From the SWAC
HUNTSVILLE — When the New England Patriots take the field Thursday night with starting quarterback Jacoby Brissett, former Alabama A&M quarterback Onree Jackson will have a little smile on his face.
Jackson, who led the 1966 Bulldogs to an unbeaten regular season and the Southern Intercollegiate Athletic Conference championship, was drafted by the then-Boston Patriots of the old American Football League in 1967. When his name was announced, Jackson became the first black quarterback of a predominantly black university to be drafted as a quarterback by a professional football league.
The reason he will be smiling is Brissett will become the first black starting quarterback for the Patriots.
Unlike when Jackson was drafted nearly a half-century ago, it’s not unusual to see a black quarterback in the NFL today.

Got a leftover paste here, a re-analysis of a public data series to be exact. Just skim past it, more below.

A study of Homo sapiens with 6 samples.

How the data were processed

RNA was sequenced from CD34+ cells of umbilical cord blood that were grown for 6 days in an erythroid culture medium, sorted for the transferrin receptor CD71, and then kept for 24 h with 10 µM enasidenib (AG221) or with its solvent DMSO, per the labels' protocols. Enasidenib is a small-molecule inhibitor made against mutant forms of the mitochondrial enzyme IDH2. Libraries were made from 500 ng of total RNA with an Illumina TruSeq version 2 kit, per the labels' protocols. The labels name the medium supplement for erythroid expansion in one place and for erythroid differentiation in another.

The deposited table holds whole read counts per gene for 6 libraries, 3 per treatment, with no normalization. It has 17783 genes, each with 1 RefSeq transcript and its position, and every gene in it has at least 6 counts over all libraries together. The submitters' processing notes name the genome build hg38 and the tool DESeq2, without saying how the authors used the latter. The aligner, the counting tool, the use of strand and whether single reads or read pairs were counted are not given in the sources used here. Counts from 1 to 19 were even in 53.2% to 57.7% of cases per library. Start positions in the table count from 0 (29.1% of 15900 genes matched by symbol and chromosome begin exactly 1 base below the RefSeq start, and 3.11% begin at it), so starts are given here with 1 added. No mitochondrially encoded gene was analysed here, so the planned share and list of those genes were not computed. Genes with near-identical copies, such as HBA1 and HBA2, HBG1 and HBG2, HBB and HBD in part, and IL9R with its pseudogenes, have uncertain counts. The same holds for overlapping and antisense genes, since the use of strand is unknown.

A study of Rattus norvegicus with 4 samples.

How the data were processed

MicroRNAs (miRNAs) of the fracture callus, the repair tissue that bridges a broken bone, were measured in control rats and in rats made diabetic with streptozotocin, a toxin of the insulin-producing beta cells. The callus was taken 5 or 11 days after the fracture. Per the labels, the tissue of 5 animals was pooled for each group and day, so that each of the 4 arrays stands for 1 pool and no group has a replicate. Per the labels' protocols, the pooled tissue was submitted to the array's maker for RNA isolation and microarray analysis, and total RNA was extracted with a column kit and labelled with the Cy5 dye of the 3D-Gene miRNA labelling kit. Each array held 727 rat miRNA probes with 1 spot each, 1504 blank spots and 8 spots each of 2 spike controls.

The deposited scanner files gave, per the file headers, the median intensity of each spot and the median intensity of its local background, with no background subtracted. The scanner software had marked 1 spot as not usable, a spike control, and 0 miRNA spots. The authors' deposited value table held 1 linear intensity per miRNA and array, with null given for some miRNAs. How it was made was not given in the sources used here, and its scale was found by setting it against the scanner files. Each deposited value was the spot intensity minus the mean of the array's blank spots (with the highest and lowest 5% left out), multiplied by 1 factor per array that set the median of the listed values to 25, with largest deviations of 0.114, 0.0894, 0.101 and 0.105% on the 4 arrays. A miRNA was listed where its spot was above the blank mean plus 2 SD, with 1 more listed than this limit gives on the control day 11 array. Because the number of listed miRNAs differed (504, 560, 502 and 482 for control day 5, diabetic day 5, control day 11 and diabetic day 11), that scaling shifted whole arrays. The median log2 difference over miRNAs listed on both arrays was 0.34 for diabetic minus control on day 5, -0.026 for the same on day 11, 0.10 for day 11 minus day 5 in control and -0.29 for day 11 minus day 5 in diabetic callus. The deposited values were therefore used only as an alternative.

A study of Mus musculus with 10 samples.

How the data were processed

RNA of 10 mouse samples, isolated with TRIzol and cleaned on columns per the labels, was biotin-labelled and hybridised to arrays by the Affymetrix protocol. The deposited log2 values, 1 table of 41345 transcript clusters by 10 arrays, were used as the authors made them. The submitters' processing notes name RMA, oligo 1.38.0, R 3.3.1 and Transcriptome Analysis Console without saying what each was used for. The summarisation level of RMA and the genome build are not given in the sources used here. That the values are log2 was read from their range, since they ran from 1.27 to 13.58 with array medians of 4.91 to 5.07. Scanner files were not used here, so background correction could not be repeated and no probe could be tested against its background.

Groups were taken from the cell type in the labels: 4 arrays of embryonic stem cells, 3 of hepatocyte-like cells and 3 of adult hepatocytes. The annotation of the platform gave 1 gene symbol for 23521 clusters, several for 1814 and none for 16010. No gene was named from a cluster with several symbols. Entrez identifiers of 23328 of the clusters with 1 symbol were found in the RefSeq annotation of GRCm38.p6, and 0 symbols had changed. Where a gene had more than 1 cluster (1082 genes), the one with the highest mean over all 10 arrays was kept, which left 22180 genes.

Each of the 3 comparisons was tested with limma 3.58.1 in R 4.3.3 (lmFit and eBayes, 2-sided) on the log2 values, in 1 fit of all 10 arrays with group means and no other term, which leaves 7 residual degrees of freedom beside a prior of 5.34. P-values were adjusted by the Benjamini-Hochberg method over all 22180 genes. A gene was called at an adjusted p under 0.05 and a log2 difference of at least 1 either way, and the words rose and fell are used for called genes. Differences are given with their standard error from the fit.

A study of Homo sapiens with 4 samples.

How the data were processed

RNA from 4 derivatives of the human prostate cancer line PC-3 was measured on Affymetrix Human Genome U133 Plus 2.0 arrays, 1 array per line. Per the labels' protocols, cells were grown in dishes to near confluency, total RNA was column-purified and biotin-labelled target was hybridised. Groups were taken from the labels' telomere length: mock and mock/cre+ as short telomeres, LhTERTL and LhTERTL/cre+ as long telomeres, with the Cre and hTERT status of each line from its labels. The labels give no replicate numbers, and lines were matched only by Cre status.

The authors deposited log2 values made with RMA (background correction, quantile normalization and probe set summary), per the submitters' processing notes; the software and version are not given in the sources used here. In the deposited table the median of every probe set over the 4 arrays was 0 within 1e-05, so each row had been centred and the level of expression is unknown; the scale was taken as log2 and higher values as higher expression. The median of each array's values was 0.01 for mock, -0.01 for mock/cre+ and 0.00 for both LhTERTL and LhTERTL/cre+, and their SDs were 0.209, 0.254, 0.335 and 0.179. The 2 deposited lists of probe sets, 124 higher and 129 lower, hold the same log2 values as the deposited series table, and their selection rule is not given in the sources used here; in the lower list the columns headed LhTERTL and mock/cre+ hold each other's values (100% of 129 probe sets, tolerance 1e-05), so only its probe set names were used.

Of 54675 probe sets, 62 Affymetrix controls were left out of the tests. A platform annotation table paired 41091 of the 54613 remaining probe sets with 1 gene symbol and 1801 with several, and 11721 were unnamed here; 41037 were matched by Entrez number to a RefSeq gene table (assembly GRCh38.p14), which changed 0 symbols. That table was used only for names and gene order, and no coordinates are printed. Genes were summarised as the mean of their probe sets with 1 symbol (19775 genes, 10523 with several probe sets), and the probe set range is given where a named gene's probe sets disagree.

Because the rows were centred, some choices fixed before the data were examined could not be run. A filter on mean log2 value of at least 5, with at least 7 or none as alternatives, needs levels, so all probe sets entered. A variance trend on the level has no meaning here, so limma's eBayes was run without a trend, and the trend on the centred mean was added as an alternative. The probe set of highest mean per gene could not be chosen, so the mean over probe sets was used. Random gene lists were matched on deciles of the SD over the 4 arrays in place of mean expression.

“Things are a lot different now than they were then,” Jackson said. “You expect a black quarterback to be in a lot of games.
“I was one of the pioneers … I took the first step.”
Jackson was released by the Patriots, though, before the regular season.
Recently, Jackson was part of another football milestone.
Last weekend, he joined some of his Bulldog teammates for the Louis Crews Classic Breakfast. The annual fund-raiser salutes Crews, Alabama A&M’s all-time winningest coach, and this year celebrated the golden anniversary of the 1966 Bulldogs.
Of course, tales were told and there was some embellishing going on.
And the coincidence of the two events occurring so close together didn’t escape Jackson.
“It is ironic that they happened at the same time,” he said.
In the meantime, Jackson said he’ll watch the game and cheer on the Patriots.
“I don’t usually pull for them,” he said. “But I’ll pull for ’em tonight.”